For those of you who haven’t read Brian Anse Patrick’s book, I highly recommend it. It’s one of the most thorough analysis’ of the concealed carry movement, and how it became successful, out there today.
If one knew about guns and gun violence from watching television entertainment and popular movies, then Living for 32might be perceived, as goes the standard movie review line, as a powerful and hard-hitting film. But it is not designed for people who substantively know. The film reinforces preconceptions of mass media-audiences. Such audiences, I know from my research, tend to construe guns as a symbol of evil. They exhibit generally an undifferentiated perception of firearms, appearing to perceive them from within the stereotypical limitations of the lurid media stories to which they have been repeatedly exposed, i.e., “gun is bad, therefore un-gun good.” Such systematically misinformed persons, for example, mostly cannot differentiate the national concealed carry movement, with its millions of licensed honest citizens safety-trained and background checked, from felonious illegal carry by criminals such as Cho (Patrick & Hart, 2011). Non sequitur passes as profundity for such an audience.
Biased? Maybe. But my experience and observations reflect that this is a correct observation. One of the problem the Internet has presented to our opponent is it’s moved the debate model away from mass media, where our opponents message predominated, to more of a national conversation, where voices and viewpoints have more equality. Ignorance has a difficult time surviving in this environment, and our opponents message depends on that.
I had contacted the film’s promoters a month or so previous about arranging a showing. I wanted especially to have my American Gun Policy seminar honors students see it, but after an initial cordial response the promoters stopped responding to my emails. The UT showing was apparently arranged in collaboration with the local foundation-funded antigun professional, the director of a local “coalition,” invisible except for the director and a secretary, who greeted me at the door.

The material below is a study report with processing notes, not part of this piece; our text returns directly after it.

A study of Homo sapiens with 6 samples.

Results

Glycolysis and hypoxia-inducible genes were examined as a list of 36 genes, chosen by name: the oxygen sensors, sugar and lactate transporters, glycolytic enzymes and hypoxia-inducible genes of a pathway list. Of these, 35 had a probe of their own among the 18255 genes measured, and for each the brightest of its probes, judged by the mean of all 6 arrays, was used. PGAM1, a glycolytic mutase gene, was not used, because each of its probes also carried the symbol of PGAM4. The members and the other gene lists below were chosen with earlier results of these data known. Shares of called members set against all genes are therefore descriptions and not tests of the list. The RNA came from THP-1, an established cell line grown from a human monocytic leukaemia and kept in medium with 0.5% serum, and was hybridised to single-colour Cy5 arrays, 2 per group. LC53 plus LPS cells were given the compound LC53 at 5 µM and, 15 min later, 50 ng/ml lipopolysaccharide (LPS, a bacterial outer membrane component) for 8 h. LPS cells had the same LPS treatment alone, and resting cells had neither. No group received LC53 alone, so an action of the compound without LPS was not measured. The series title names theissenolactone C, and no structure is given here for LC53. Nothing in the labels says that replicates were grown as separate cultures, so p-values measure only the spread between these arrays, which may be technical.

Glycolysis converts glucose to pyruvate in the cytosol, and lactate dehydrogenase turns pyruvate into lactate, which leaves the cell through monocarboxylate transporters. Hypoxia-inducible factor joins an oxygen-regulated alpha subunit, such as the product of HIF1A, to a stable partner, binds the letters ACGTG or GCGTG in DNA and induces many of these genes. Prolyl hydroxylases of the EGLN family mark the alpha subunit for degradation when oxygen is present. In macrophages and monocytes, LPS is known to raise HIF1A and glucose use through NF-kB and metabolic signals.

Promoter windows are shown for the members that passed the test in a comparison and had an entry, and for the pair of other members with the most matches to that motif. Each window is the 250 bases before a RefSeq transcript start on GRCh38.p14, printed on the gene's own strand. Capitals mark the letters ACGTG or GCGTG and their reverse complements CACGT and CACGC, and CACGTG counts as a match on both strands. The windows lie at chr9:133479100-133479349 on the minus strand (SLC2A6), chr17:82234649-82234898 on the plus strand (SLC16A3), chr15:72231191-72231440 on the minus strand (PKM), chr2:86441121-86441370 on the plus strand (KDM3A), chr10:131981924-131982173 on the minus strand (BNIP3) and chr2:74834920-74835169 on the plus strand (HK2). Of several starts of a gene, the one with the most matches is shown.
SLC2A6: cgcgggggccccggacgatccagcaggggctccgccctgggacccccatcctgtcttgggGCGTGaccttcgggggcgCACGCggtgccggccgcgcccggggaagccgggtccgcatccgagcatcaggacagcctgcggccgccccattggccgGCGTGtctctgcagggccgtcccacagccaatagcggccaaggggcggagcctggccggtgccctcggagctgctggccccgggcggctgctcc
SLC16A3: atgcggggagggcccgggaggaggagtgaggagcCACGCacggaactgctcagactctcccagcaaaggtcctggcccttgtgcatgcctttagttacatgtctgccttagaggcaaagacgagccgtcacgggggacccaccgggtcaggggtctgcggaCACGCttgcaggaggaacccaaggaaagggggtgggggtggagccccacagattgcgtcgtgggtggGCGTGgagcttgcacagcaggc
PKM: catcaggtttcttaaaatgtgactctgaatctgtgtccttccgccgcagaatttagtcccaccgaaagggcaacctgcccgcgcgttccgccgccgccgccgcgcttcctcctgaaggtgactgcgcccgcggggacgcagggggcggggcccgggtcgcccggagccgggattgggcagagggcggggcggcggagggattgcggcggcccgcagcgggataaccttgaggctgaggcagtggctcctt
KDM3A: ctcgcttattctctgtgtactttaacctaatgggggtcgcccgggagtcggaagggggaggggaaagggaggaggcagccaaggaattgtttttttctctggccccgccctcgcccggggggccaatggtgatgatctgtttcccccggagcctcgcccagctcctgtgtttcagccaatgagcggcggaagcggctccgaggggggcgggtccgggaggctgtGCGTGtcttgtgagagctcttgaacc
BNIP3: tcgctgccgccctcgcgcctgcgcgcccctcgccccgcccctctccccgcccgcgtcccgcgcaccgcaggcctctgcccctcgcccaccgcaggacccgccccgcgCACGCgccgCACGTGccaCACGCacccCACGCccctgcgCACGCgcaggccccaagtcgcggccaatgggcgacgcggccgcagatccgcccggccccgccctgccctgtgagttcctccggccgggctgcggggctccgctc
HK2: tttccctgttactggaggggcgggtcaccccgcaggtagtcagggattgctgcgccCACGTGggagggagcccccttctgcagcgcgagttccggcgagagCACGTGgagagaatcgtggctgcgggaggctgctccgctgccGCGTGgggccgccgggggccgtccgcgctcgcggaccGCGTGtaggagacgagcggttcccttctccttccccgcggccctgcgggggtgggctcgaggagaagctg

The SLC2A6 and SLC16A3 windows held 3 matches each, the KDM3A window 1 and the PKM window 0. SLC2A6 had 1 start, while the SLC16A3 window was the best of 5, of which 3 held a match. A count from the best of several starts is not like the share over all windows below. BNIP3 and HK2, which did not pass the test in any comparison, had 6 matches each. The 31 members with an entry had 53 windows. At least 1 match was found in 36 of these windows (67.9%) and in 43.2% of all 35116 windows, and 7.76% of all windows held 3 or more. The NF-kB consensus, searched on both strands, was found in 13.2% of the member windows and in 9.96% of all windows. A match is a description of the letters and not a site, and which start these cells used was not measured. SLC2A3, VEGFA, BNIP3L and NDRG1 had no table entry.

We will venture into the lions den, and with enthusiasm, confidence and vigor. They refuse to engage in any kind of discourse where they are unable to control the agenda. More than anything, that is what will doom their movement to continued failure. Patrick also comments on how Brady is successfully targeting the target audience with their propaganda:
Additionally, the epidemiological model perfectly suits the values of the audience—My Second Commandment of Propaganda is “Reflect the values and beliefs of the audience.” The human services faculty tend toward what might be called an administrative hermeneutic or worldview. They see themselves as scientific social managers, experts who apply knowledge to social problems. The idea of the heroic social scientist or human services professional battling an epidemic is right up their alley, providing not only a sense of a secure, manageable world, but also of a personal ego-enhancing position of relatively high status in this world.
Exactly. The problem in this case would seem to be the god complex.